NAACP: Confederate monument must be removed from Georgetown

As the specter of white nationalist terrorism grows across America — from the Charleston church shooting to the Portland train stabbing to last weekend’s murderous rampage in Charlottesville — it has become increasingly clear that this country’s Confederate monuments are no longer testaments to the past, but idols of white nationalist future.

When these structures — and the Confederate flag that so often waves alongside them – become a rallying point for Nazis, the Kul Klux Klan, and white supremacists, they exist only as a divisive threat to the greatness of America as the most inclusive and diverse country on earth.

While we give credit to the Delaware lawmakers who joined together to denounce the hate and violence of the white supremacists in Charlottesville, we cannot help but feel like more action is required by our local officials to offer the clear delineation between right and wrong that our President seems unable to acknowledge.

We are calling on Sen. Brian Pettyjohn and Rep. Ruth Briggs King, who represent Georgetown in the General Assembly to immediately call on the Controller General’s Office to halt its payment of $11,500 in Grant-in-Aid money to the Georgetown Historical Society until it removes the Delaware Confederate Monument from its grounds.

We certainly believe in a private organization’s constitutional right to free speech — even speech that serves to demean and taunt persons of color, many of whom are descendants of the very slaves the Confederacy fought against the United States to kee keep. But we were shocked and dismayed to learn that taxpayer dollars are in subsidizing that message and that must end immediately

Louise Henry
President, Lower Sussex NAACP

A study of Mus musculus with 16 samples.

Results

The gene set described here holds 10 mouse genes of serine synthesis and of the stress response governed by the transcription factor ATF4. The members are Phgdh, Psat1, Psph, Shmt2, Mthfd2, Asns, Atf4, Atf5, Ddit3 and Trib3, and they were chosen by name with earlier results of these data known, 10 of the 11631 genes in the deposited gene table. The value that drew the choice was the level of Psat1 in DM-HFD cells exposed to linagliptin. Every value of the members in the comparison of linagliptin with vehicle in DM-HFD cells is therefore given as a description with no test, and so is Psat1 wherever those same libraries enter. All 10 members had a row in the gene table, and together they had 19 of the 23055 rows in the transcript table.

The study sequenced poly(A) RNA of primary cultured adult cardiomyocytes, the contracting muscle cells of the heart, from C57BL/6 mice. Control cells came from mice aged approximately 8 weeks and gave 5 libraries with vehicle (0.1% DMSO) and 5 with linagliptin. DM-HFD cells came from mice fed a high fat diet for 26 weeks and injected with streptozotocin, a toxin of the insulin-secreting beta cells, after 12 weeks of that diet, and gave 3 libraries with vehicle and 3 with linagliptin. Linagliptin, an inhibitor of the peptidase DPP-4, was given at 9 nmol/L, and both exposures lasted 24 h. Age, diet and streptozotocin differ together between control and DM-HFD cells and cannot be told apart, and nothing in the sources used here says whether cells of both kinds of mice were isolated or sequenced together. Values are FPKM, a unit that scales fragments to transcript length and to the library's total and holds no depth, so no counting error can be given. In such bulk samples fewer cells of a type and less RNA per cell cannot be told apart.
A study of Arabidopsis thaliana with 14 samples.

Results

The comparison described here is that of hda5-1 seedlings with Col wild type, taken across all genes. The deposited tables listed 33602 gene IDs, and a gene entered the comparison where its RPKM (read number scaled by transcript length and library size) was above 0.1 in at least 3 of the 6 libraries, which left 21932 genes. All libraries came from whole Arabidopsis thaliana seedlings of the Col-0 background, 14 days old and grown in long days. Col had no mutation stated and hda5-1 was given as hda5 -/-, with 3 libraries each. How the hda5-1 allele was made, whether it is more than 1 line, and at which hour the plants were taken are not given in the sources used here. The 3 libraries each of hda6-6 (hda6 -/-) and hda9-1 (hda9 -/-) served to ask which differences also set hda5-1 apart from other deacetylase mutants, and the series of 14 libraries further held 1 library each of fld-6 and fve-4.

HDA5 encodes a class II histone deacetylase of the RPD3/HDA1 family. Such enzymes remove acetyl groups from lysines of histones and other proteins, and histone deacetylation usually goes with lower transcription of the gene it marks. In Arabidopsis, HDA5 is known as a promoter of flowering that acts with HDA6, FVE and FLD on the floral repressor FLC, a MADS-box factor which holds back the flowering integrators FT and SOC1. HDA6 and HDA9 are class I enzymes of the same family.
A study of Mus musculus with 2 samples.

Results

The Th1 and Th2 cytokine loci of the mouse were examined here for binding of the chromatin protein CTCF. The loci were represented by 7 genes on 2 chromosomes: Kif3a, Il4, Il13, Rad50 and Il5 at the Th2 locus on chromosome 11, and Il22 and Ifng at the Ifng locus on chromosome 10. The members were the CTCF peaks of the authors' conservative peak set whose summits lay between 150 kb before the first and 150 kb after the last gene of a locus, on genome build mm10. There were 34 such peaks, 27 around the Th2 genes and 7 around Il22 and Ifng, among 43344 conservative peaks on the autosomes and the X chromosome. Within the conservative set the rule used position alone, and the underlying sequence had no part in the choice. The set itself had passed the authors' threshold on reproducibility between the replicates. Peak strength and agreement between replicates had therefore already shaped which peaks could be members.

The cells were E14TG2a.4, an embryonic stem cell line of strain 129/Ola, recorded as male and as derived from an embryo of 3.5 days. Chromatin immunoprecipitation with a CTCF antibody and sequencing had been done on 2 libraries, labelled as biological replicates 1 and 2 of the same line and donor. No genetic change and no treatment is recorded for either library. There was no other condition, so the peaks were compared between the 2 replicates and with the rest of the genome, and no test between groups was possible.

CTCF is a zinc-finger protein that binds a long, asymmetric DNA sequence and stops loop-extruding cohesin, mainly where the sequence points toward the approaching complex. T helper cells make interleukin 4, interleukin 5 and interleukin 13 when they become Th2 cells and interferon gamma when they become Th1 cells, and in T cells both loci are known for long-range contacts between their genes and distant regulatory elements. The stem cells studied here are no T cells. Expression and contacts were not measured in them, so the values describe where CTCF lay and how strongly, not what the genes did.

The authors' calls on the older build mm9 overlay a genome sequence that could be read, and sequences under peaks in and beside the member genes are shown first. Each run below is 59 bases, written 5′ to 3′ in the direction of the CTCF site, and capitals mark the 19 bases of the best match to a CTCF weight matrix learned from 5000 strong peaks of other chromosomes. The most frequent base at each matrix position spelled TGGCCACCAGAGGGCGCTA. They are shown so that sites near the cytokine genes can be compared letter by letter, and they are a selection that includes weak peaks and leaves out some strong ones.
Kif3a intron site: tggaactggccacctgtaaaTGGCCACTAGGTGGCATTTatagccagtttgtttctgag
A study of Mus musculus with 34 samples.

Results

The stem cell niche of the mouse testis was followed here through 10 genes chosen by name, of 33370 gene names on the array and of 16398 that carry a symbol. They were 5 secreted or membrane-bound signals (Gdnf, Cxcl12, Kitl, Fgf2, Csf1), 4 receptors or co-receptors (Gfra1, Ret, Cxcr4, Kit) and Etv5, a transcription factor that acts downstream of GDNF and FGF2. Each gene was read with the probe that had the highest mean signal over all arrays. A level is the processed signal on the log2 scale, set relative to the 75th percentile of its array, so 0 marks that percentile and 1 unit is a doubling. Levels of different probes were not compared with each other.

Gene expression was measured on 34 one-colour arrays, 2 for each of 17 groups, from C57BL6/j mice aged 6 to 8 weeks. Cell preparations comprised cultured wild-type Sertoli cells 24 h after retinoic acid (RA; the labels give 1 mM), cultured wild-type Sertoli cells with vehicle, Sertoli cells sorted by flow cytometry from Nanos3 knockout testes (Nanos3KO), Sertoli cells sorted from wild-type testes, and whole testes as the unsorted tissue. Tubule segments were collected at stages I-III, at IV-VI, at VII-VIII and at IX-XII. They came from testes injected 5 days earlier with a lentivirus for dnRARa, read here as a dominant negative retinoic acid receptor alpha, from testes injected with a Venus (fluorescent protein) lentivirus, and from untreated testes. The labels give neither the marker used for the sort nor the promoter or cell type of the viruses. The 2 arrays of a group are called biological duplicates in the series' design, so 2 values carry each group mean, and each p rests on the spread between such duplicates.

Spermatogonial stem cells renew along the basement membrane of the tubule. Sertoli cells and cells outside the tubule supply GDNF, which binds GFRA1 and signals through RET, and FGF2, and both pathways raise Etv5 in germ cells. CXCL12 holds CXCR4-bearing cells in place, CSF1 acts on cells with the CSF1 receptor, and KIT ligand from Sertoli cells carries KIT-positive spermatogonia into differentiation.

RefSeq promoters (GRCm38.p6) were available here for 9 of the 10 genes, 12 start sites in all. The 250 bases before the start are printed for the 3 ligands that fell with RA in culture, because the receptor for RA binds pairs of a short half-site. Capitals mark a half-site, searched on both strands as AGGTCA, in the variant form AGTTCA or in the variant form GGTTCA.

Georgetown

 

EDITOR’S NOTE: Rep. Ruth Briggs King responded Thursday with the following statement:

“The grant funding that was appropriated this past year for the Georgetown Historical Society was only a very small portion of a much larger funding measure for nonprofits throughout the entire state. The $37.2 million Grant-in-Aid bill was considered and approved by the 62 members of the General Assembly and signed into law by Governor Carney.

“We have a certain process for allocating funding for Delaware’s nonprofit organizations and to begin now with efforts to revoke funding for a particular organization outside of that process is a slippery slope I am sure no one wants to venture upon.

“I continue to fully support a more thorough review of each nonprofit group that receives Grant-in-Aid funding, to ensure fairness and equity to the public and the organizations. But, to single out the Georgetown Historical Society – or any other group for that matter – in this particular way when nothing illegal has occurred and to immediately withdraw the funding they use for many important and worthy projects is not something I support at all.

“The Historical Society adds great value to our community and the $11,500 they receive in Grant-in-Aid funding is used to educate and memorialize our town and our county’s rich history. The Historical Society permitted the use of the property for the display; however, they have not used any public or association funds toward the display.

“We, as lawmakers, are not in the business of rewriting historical facts, including those we may not necessarily agree with; moreover, we should learn from them. If we prohibit the Georgetown Historical Society from educating the public on the events that shaped our country and state then what message are we sending as Americans?

“We cannot – and should not – rewrite history, nor can we deny the past. Let us learn from the mistakes of the past, and address concerns and issues in a deliberate process.

“I remain firm in my position that Grant-in-Aid funding for the Georgetown Historical Society should remain intact and I look forward to a review of all Grant-in-Aid recipients in the upcoming year.”